Thereís a whole thread on what your parents served to be budget minded when things were tight.
I know I cook differently than my parents and itís a generational thing to but Iím wondering what you make to be frugal when times are lean thatís different than your parents?

I do a lot more homemade soup and homemade bread. When I was a kid Campbell soup cans and bread were fairly cheap and our pantry would be full of cans. But things are getting more expensive. So what do you do thatís different?



I watched my mom at a young age make home made jams/jellies in summer. She did this mostly as a cost saver and we seldom had store bought. She didn’t have the patience to teach me. We had a garden, but the only thing I learned was, what are you doing, go weed or pick this colander with green beans/ peas/ etc. Not a lot of learning took place.

As a young adult I spent several summers helping at a friend’s cucumber farm (3 acres) during cuke picking seasons. As luck would have it, & unbeknown to my friend, his place was within a stone’s throw of my great aunt, a Great jelly maker. She taught me how to make crab apple jelly, choke cherry jelly, wild raspberries, canned gooseberries and beet pickles, plus how to determine when to harvest domestic and wild fruits. Sheesh, get up a four a.m., pick cukes by the pick up truckload, done by noon, a siesta and then over to Aunties some evenings to “help” her/ teach me important stuff. I realize Now, she would probably have liked to do these things earlier in the day, before it got hot, and I now realize too as I get older my energy is greater earlier in the day. What I’m saying here is, we still make jams/jellies with the fruits we grow, supplemented with an occasional crate of peaches etc. This has been a life long pastime as well as a budget saver. Grow food in your own garden if you can.

As far as budget saver meals, I make lots of tacos/ burritos/ enchilada type dishes. Stir fry is another way to stretch meal $$, more veggies, less meat. Learn to make different sauces and stop buying jarred ethnic sauces. I make 99% of my own salad dressings, could make them all, I get lazy sometimes. I buy herbs/ spices at a bulk food store. None of the above were in my cooking vocabulary 30-40 years ago. Ok, brown rice and veggies ( mostly onions and carrots) +tamari, cold rice with honey/cinnamon for breakfast. I don’t do this but should. I think Red Beans and Rice would be good. Frozen pot pies are no longer 10/$1 or whatever, and home made ones are practically a gourmet treat and not expensive I have cut way back on pastas. I think that is more a diet thing although I’m not on a diet per se. Pastas / rice are very much a meal stretcher. Pizzas with a coupon, good for several people servings, or multiple single servings. You can add you own toppings to a plain cheese pizza. I think cheese per pound is one of the more expensive things I buy.

I prefer to re-purpose meals into a different dish rather than simply have the same thing as a leftover. Sometimes this begats even more than the original dish. If it’s too much leftover-leftovers, into the freezer for awhile. I try to not have too much Tupperware surprises at a time in the frig.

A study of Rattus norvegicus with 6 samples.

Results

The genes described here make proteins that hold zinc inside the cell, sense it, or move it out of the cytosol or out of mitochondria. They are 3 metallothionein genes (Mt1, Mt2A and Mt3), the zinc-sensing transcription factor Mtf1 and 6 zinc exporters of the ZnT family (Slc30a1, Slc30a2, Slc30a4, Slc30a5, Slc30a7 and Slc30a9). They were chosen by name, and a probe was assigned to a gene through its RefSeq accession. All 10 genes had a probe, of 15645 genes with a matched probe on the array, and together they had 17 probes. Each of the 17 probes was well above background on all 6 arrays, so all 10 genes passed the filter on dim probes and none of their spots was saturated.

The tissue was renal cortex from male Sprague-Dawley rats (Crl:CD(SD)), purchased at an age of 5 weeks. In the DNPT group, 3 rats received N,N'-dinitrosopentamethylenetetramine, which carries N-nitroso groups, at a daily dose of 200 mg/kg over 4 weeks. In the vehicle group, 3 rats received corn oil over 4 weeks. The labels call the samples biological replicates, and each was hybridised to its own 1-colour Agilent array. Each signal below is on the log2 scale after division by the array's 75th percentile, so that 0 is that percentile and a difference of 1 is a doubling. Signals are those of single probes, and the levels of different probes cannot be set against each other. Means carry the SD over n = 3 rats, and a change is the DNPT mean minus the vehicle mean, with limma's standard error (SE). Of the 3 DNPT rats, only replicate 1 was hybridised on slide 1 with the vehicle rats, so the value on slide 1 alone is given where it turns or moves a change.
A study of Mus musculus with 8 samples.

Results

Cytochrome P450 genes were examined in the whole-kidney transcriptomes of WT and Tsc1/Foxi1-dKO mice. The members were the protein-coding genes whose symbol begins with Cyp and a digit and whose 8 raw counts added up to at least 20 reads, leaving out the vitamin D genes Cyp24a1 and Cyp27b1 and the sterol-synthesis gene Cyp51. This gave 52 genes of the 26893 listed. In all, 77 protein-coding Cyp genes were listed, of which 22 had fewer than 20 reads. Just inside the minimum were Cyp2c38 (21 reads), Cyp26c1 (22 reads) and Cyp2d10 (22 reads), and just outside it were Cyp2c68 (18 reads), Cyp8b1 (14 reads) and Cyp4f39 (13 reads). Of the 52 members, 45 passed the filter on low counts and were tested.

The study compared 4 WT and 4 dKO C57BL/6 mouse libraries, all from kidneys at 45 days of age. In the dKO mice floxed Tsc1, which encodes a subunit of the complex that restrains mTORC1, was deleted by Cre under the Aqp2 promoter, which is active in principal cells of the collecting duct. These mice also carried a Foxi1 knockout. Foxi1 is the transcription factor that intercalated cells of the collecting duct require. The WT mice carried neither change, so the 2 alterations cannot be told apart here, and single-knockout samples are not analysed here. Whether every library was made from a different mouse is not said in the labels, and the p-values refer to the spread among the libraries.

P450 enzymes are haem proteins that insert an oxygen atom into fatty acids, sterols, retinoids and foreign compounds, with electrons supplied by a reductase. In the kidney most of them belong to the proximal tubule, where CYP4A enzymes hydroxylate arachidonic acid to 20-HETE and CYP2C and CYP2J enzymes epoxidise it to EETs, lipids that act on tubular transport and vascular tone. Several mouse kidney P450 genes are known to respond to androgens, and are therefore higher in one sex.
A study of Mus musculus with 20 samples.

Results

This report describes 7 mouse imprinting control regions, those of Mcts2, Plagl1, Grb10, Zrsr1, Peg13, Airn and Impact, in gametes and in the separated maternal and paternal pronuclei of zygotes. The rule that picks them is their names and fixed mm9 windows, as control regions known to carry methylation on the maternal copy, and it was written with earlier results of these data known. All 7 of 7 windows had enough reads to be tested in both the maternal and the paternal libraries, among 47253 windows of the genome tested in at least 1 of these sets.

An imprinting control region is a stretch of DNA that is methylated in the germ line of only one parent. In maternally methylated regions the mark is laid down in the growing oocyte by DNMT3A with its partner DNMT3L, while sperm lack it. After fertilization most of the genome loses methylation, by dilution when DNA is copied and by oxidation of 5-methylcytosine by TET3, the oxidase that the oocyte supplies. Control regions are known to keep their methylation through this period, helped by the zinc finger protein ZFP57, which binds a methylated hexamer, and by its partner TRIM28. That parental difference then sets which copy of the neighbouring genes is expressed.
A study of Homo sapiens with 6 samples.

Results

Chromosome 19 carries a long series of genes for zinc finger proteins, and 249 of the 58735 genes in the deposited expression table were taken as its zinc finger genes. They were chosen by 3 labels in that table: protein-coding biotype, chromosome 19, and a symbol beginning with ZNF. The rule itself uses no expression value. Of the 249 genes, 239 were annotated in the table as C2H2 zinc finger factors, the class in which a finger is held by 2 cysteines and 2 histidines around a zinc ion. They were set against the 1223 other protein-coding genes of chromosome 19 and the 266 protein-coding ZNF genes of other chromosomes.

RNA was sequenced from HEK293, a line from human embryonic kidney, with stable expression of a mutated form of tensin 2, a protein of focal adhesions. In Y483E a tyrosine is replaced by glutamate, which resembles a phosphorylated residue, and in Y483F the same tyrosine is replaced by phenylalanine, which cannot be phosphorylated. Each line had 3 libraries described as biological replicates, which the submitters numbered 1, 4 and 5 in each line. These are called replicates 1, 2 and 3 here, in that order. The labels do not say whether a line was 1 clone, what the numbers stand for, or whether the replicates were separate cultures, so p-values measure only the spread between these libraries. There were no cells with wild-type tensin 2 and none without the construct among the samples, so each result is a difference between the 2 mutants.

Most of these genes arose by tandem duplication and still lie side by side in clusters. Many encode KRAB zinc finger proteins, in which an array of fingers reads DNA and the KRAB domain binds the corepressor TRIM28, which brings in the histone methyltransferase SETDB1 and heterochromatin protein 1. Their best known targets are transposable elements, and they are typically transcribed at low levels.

I too am making more soup meals. I have been following the several DC bread (and pizza) discussions lately and they make me want to try my hand at bread making again So far, it’s just a thought, not an action verb up up and off my butt.

Other budget stretchers:
If you have a Costco, shop there for some stuff, not all. We are a family of two households so we split a lot of things.

Make grocery lists, and stick to them. Every grocer in my area has websites, so it’s easy to check who has good deals, if any. Weekly shopper ads in the mail, not so much. Their coupons are most often things I don’t use.

I am my own dishwasher and keep a supply of plain cotton dish towels.

I gave up Cable tv. Not everyone likes or wants to do this. I have always been an avid reader, so not much sacrifice for me. I Unplug the tv except during football season, although basketball and hockey have been sneaking into viewing time lately too. The reason I unplug the tv is my hand independently keeps reaching for the remote. Ok, not a meal stretcher thing, but easier on the budget.

I have found USDA Choice Ribeye steaks for five bucks -- lest than half price. They may not be a bright, pretty red, due to oxidation, but they are perfectly safe, and taste just as good.

If you have a Foodsaver and freezer space, you can sometimes score big with the Manager's Specials. A few weeks ago, I found 1-pound packages of ground chuck for 99-cents. I bought six of them. Even with the cost of the Foodsaver bags, I am way ahead.


When I was a kid, I had no idea that my parents struggled to feed the 6 of us at times. Everything was so involved and distracting with so many opinions on everything (I have 4 older sisters) that crepe night, which was when my mother needed to feed the family from a nearly empty fridge and pantry, was fun.

A recent addition to my rotation is crack slaw or egg roll in a bowl. It is a quick low carb meal when I'm looking for a lazy inexpensive comfort food.

You will find many recipes on the internet but this one will get you started.

Crack Slaw - Low Carb Recipe - Genius Kitchen

I never make it the same way twice. I cut back on the amount of meat and have used ground beef, sausage, diced BSCB and diced pork with good results. It is also good made with a can of drained/rinsed sauerkraut in place of the fresh cabbage.

I think Kayelle posted this recipe as well, which is when I first remember seeing it. Now, do as I say, not as I do. I am reminded I haven't made this in about 6 months.

Our menu is set from what is cheap that week, so January will be ground pork/beef , chicken filet, Christmas ham.

When parsnip, carrots and celeriac root is cheap, I buy, grate and freeze, this means I can bulk up any meal with more veggies and no one will know.